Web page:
Zoom to offer end-to-end encryption for all users
Facing relentless pressure from the market as well as privacy groups, Zoom Inc has announced that it would make available end-to-end encryption to both paying and non-paying users of its video conferencing service.
This is seen as a welcome 180 degree turn from the company that had earlier taken the stand of providing end-to-end encryption only to its paying customers. The non-paying customers had to make do with a watered-down encryption, generally referred to as transit encryption.
The contention of privacy and human rights advocates was that Zoom's model was essentially making privacy a premium feature available only to paying customers. It was also claimed that the paying customers had more 'traceability', and hence were less likely to use the platform for illegal activities.
Bowing to the relentless pressure on it, Zoom, which had become hugely popular all over the world during the pandemic-induced lockdown, has now announced that it plans to roll out end-to-end encryption to non-paying users (E2EE), too.
Hitherto, free users on Zoom sign up with an email address, which does not provide enough information to verify identity.
But now that Zoom has relented, a new process will be in place for free users.
“Free/Basic users seeking access to E2EE will participate in a one-time process that will prompt the user for additional pieces of information, such as verifying a phone number via a text message,” Zoom CEO Eric Yuan said in a post.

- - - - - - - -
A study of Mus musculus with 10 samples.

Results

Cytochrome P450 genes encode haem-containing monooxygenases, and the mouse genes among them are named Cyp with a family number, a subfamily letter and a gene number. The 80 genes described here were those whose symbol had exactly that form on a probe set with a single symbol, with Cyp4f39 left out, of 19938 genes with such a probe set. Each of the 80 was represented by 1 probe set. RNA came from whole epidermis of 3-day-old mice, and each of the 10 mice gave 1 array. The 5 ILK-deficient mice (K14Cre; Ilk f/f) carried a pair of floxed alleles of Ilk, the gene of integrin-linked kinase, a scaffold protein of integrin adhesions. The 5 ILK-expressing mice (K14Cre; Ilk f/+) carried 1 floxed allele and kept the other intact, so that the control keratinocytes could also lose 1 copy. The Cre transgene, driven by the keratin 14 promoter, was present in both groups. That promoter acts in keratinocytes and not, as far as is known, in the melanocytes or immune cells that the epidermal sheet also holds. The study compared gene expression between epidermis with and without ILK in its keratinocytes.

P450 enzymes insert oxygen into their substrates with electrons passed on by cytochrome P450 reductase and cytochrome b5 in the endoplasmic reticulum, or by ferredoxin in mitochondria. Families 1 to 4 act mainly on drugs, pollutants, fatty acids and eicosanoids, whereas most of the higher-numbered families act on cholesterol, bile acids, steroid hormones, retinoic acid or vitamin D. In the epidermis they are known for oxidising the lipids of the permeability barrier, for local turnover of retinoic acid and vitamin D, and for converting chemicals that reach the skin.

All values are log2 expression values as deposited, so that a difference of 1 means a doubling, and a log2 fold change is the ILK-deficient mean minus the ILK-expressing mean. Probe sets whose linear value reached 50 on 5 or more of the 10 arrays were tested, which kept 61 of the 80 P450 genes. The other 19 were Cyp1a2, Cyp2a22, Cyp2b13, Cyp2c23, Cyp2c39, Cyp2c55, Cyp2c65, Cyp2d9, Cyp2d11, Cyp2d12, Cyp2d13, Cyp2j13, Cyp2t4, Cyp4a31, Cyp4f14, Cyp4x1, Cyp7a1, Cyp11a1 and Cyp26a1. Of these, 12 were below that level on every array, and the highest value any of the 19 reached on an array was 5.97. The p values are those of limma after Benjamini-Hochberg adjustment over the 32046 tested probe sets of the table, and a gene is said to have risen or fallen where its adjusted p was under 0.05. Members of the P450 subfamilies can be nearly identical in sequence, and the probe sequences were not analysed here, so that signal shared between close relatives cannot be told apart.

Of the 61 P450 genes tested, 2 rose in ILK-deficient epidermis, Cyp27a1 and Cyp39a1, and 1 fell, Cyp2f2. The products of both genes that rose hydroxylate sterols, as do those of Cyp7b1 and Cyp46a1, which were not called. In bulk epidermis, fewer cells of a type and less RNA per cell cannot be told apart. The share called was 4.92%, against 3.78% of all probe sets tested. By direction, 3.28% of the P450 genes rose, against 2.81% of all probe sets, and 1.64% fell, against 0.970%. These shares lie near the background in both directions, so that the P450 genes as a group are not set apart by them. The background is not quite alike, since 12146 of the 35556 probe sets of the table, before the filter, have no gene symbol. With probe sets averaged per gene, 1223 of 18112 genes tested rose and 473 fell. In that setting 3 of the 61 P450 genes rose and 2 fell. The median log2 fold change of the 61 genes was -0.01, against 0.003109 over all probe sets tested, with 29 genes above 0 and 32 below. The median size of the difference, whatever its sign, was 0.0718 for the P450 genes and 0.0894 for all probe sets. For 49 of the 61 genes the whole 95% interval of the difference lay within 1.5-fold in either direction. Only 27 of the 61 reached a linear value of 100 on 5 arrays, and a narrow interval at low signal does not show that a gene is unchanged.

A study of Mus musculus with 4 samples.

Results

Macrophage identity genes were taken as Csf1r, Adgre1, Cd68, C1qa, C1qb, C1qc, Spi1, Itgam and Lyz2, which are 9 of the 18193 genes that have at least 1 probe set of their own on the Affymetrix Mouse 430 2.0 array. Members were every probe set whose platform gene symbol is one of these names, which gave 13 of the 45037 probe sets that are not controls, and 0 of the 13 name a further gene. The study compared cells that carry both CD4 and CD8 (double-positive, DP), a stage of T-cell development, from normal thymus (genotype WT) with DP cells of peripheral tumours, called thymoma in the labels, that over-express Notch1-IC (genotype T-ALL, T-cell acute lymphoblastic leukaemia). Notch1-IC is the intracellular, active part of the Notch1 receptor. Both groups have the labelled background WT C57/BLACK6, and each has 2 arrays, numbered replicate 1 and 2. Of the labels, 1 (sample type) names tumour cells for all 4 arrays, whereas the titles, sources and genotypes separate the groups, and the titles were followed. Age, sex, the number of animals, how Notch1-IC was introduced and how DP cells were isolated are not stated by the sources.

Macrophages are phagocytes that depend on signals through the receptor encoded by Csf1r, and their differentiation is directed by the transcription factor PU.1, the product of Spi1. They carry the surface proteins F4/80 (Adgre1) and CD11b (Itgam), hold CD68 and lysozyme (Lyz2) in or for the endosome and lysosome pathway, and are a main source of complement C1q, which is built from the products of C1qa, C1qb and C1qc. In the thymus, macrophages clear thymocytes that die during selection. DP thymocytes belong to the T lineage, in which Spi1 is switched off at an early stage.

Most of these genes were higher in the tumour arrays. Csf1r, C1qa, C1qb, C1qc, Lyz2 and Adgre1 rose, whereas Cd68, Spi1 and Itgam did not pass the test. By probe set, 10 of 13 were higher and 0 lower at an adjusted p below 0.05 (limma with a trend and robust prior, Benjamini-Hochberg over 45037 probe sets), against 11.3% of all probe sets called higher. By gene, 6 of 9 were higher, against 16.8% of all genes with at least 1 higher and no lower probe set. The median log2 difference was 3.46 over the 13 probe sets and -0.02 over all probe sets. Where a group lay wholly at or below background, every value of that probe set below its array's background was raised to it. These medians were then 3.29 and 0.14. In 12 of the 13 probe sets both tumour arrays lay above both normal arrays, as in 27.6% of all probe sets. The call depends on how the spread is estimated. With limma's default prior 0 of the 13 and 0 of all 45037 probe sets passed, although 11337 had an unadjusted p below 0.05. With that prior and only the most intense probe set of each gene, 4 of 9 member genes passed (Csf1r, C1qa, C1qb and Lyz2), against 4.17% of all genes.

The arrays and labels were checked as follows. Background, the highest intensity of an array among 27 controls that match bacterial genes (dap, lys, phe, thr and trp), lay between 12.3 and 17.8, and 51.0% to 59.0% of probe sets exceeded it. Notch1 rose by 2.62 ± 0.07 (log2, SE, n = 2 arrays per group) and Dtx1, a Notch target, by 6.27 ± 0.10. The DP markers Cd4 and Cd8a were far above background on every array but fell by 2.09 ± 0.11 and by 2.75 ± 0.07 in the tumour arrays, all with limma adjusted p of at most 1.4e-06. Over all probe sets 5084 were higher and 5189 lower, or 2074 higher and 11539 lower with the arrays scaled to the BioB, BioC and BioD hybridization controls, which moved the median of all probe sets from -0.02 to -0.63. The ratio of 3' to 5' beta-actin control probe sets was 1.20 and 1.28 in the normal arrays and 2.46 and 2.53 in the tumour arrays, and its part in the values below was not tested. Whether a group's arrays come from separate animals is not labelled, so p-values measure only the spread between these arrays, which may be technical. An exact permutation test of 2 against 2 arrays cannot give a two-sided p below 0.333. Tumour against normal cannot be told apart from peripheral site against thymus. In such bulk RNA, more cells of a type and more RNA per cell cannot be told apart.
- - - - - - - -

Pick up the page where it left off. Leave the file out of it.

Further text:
“Many leading companies perform similar steps on account creation to reduce the mass creation of abusive accounts. We are confident that by implementing risk-based authentication, in combination with our current mix of tools—including our Report a User function—we can continue to prevent and fight abuse,” Yuan added.
The beta launch will happen in July, but it is not clear how the roll-out would be phased and when.
The registration process is similar to those required by end-to-end messaging services like WhatsApp. Users of each service must prove they have a valid phone number. This is expected to weed out shady and illegal operators in a large manner.
Strong encryption everywhere helps everyone. At an individual level, too end to end encryption essentially provides each user with keys that reside solely on their devices, where communications are encrypted and later decrypted (the encrypted data is usually encrypted a second time as it travels over the wire).
Technical experts say it is well-nigh difficult for anyone (be it the government or malicious hackers) to access the human-readable content. In principle, even service providers have no access to the keys that decrypt the data.
This kind of protection is the need of the hour as more and more sensitive information is transmitted over the Internet.
Yuan said that E2EE when implemented will be an optional feature.
"E2EE will be an optional feature as it limits some meeting functionality, such as the ability to include traditional PSTN phone lines or SIP/H.323 hardware conference room systems. Hosts will toggle E2EE on or off on a per-meeting basis."
Account administrators will be able to enable and disable E2EE at the account and group level.